Documents found in Dublin are linked to al-Qaeda

 

Federal Bureau of Investigation (FBI) investigators have confirmed a link between travel documents found in Dublin and the so-called September 11th "20th hijacker" Zacarias Moussaoui, it has emerged. Jim Cusack, Security Editor reports.

The documents were found in a raid on an office used by suspected members of al-Qaeda in the South Circular Road area of Dublin on December 21st, 2000.

It is understood the documents relate to air travel financed by Mustafa Ahmed al Hisawi, an Egyptian financier said to be close to Osama bin Laden. Mr Hisawi disappeared after September 11th and is still being sought.

The FBI investigators, who are building a case against Mr Moussaoui, have conducted a massive trawl to discover his movements prior to the summer of last year when he attempted to train how to fly - but not land or take off - a Boeing 747 airliner at a pilot training school in Minneapolis.

Mr Moussaoui left the US after attracting the attention of security staff and travelled to France where he was arrested earlier this year and deported to the US, where he awaits trial for alleged involvement in the September 11th attacks.

It is understood the FBI investigators discovered that Mr Moussaoui's international travel was financed by Mr Hisawi, who used the services of al-Qaeda members based in Dublin.

A 37-year-old Algerian, who has Irish citizenship, is at the centre of this line of inquiry. It is suspected he made travel arrangements and may also have provided fake identification for Mr Moussaoui and other al-Qaeda members from Dublin.

Confirmation of the renewed FBI interest in the Dublin al-Qaeda link emerged yesterday in the US, when Fox News reported that investigators had linked Mr Moussaoui to false documents emanating from here.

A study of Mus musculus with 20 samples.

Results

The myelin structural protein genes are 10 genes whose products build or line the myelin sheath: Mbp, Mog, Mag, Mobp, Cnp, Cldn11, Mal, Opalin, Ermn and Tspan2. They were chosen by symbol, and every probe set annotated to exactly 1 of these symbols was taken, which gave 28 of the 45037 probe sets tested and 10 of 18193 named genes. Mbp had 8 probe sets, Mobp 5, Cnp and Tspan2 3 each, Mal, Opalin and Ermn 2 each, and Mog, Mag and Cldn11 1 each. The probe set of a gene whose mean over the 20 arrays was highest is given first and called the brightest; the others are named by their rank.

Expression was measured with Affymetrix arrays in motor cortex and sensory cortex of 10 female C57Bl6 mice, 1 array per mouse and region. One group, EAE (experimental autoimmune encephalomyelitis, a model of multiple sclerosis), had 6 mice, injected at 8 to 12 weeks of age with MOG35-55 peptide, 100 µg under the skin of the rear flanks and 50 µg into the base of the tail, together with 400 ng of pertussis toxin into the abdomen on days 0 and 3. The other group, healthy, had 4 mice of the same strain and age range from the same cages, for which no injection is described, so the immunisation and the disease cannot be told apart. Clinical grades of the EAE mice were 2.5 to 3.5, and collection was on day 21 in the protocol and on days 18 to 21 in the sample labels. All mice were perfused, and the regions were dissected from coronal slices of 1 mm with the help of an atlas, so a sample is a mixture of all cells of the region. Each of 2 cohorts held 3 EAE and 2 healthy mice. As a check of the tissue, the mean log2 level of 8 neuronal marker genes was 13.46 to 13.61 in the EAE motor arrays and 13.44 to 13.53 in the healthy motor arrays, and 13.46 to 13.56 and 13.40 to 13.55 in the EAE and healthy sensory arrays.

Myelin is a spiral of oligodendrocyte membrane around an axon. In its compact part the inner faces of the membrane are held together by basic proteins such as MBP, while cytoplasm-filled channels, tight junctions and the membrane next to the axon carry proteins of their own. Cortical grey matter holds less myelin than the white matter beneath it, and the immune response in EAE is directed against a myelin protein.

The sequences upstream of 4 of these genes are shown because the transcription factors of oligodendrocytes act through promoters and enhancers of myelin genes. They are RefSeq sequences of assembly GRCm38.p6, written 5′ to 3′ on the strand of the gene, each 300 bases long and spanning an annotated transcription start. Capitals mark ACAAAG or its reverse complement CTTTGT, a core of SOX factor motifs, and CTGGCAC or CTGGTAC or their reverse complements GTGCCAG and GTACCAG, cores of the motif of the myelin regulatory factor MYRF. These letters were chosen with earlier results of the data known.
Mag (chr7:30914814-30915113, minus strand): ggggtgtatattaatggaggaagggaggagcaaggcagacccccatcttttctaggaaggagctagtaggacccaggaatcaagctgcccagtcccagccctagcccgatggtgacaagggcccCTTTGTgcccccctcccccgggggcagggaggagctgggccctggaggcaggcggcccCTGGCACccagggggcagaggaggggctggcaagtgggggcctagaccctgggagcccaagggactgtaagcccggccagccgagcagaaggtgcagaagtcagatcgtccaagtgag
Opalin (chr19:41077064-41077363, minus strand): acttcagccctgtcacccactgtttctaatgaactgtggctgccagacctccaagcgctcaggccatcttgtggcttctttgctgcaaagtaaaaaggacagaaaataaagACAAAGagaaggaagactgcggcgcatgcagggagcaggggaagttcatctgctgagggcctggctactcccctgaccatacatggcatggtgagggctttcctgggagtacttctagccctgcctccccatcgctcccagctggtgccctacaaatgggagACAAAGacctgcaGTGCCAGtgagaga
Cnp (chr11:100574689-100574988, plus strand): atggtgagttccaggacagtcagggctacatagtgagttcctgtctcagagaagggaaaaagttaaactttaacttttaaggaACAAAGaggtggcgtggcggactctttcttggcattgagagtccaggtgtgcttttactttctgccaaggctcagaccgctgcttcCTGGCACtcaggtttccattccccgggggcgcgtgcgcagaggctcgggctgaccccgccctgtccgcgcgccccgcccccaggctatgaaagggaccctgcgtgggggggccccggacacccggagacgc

Garda and Army Intelligence were aware that an al-Qaeda cell based in Dublin since the mid-1990s was involved primarily in providing travel and identity documents for others believed to be involved in the commission of terrorist acts.

Fox reported that the documents relate to the activities surrounding a fake charity, Mercy International Relief Agency (MIRA). MIRA was registered as a charity here in 1994. Relatively little money passed through its bank account.

MIRA was linked to bin Laden after the FBI discovered he made telephone calls to its offices in Kenya prior to the August 1998 bomb attacks on the US embassies in Nairobi and Tanzania in which 300 people were killed.

The address given for MIRA in its registering documents was a rented house in Donnybrook held on a one-year lease during the mid-1990s. The owner of the house had no idea that the charity was registered at the address. The MIRA accounts were subsequently operated from an office in the South Circular Road and from the homes of two suspected al-Qaeda members.

One of the two leading al-Qaeda figures here, a man known as Hamid Aich, disappeared last July after the trial of one of his associates in the US for conspiring to bomb Los Angeles Airport (LAX) at the Millennium. The other figure, at the centre of the latest FBI inquiries, is a naturalised citizen and remains resident. There was no indication yesterday that the FBI will seek his deportation.